Monday, March 28, 2011

StarCrossed by Elizabeth C. Bunce

StarCrossedMy reading buddy and I are not book friends. If I like a book, she often doesn't, and vice versa. My reading buddy liked another of Bunce's books, A Curse Dark as Gold, an awful lot, so I feared that I would be disappointed if I read it, and sometimes it's really disappointing to not share a love for the same books. So, I jumped on StarCrossed by Elizabeth C. Bunce (Scholastic - Arthur A. Levine Books) before my reading buddy could get it. HA.

I really enjoyed StarCrossed, and while I've whined a bit lately about not getting a complete story in one sitting, I am completely glad that this is open for a sequel (and I am happy to say that I felt like I got a complete story in this volume).

Digger is a thief. It's who she is, or who she's become, and it's dangerous; her partner and friend is killed, and she's left with a mysterious packet of letters. Her quick thinking and acting ability helps her hook up with a crowd of bored aristocrats, and soon, she's traveling away from danger as a companion to one of them--or, so she thinks. She's in just as much peril as she tries to hide her true identity from the people who trust her, and as she begins to unravel how precarious her lady's political stature is. Things are complicated further by the arrival of someone who could reveal her former life on a whim, and a mysterious, injured man who is confined in the depths of the castle.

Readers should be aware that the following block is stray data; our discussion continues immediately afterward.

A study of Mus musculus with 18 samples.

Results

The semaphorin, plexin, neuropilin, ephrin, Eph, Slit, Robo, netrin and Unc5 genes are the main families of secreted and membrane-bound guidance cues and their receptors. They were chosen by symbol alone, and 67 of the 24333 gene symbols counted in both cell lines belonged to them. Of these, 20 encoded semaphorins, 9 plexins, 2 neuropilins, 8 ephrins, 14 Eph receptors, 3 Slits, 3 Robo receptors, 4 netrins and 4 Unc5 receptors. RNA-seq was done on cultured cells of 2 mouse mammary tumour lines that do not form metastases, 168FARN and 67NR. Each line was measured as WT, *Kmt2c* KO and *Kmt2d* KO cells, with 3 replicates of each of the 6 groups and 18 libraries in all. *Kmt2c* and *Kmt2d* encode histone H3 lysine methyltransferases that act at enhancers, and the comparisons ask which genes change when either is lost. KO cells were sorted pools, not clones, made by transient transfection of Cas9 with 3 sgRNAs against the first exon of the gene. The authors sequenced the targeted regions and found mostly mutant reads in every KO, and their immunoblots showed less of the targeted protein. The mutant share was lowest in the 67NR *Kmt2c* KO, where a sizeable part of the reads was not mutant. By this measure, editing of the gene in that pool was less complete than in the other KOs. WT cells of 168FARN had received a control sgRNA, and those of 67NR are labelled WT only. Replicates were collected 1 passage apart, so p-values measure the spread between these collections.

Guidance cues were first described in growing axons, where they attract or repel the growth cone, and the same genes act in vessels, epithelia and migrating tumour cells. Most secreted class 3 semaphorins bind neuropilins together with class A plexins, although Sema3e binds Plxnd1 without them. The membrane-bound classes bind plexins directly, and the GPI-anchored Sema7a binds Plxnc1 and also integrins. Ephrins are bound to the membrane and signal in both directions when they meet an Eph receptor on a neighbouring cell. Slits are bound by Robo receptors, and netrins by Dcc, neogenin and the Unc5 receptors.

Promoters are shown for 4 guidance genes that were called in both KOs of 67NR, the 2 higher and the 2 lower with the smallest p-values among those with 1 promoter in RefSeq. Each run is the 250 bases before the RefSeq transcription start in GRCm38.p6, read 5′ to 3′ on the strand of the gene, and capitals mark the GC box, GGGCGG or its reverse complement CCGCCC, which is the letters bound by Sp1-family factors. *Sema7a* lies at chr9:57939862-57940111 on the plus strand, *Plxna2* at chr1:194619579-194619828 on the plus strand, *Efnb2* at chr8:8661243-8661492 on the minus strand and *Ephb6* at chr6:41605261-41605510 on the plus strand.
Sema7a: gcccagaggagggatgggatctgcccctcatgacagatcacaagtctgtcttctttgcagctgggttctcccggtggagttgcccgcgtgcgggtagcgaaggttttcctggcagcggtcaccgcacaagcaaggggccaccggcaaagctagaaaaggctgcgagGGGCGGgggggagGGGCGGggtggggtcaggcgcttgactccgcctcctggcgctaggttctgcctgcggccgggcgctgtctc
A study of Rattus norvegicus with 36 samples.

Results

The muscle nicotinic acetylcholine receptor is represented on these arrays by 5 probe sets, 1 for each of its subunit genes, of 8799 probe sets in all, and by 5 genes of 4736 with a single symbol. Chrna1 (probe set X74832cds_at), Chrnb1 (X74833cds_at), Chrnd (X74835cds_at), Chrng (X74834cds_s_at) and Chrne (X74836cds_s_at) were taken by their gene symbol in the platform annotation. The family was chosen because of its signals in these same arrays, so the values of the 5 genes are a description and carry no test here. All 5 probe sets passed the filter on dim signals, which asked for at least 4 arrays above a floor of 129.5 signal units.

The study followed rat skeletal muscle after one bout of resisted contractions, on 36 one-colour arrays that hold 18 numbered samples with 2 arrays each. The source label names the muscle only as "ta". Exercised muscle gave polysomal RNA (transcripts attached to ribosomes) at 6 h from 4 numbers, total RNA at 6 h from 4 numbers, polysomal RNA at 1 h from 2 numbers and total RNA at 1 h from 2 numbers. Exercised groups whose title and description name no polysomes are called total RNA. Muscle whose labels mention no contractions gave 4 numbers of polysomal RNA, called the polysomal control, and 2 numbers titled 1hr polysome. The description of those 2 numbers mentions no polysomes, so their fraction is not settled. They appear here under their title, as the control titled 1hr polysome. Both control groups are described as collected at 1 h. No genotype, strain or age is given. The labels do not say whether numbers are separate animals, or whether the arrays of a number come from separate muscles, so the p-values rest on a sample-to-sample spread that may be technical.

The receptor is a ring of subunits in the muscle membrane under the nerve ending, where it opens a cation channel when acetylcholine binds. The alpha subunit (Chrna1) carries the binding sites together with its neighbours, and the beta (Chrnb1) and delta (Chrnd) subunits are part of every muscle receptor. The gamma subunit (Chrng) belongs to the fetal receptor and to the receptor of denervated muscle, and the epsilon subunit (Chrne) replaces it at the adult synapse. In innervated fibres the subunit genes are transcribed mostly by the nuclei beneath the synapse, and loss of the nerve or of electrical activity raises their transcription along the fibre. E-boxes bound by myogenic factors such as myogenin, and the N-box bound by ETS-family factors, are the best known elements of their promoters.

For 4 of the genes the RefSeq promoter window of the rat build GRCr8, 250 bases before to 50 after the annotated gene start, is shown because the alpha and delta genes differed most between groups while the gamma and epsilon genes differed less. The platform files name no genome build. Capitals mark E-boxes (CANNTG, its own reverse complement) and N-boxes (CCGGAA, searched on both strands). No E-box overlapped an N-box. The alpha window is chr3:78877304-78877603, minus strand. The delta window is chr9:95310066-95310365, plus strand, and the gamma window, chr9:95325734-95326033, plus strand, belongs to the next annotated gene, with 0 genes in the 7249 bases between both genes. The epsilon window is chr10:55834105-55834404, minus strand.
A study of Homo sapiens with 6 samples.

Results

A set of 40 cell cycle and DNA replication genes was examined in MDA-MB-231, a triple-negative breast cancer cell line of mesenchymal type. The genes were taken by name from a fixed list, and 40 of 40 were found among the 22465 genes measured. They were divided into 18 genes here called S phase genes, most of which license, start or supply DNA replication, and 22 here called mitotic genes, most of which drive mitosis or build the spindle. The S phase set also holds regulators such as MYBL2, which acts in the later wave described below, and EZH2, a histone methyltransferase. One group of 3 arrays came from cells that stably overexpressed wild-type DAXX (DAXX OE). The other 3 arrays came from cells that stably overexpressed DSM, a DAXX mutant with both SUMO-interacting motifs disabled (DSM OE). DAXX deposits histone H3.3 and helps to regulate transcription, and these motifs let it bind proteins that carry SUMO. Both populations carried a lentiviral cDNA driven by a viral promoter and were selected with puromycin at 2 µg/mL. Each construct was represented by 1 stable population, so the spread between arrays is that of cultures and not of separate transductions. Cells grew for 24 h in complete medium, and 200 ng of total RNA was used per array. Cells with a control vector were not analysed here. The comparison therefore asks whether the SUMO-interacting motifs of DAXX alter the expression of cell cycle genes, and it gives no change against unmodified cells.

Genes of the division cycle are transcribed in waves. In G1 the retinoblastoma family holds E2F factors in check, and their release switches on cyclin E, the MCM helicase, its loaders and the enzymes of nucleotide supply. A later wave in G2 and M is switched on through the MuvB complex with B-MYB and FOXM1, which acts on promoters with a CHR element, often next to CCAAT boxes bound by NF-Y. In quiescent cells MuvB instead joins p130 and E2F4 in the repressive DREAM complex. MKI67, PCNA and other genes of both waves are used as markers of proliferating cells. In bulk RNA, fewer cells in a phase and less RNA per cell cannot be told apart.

All right. Maybe that doesn't sound quite specific enough to be good; it's been a good three months since I read this, and there have been many books in the intervening time. I can tell you that I was drawn in completely and the story stayed with me all this time. I can tell you that I thought this was an imaginative adventure that friends have compared favorably to Tamora Pierce's books with plucky girls. And I can tell you that I enjoyed the layers of intrigue and how Digger was perpetually thinking of how she could steal things, or break into rooms, or misdirect potential captors--and how that aspect of her didn't disappear just because she had the opportunity to dress up in fancy clothes and hang out with fancy people. In fact, her ruthlessness and moral struggles (or lack thereof) make Digger one of the most interesting fantasy heroines I've read this year.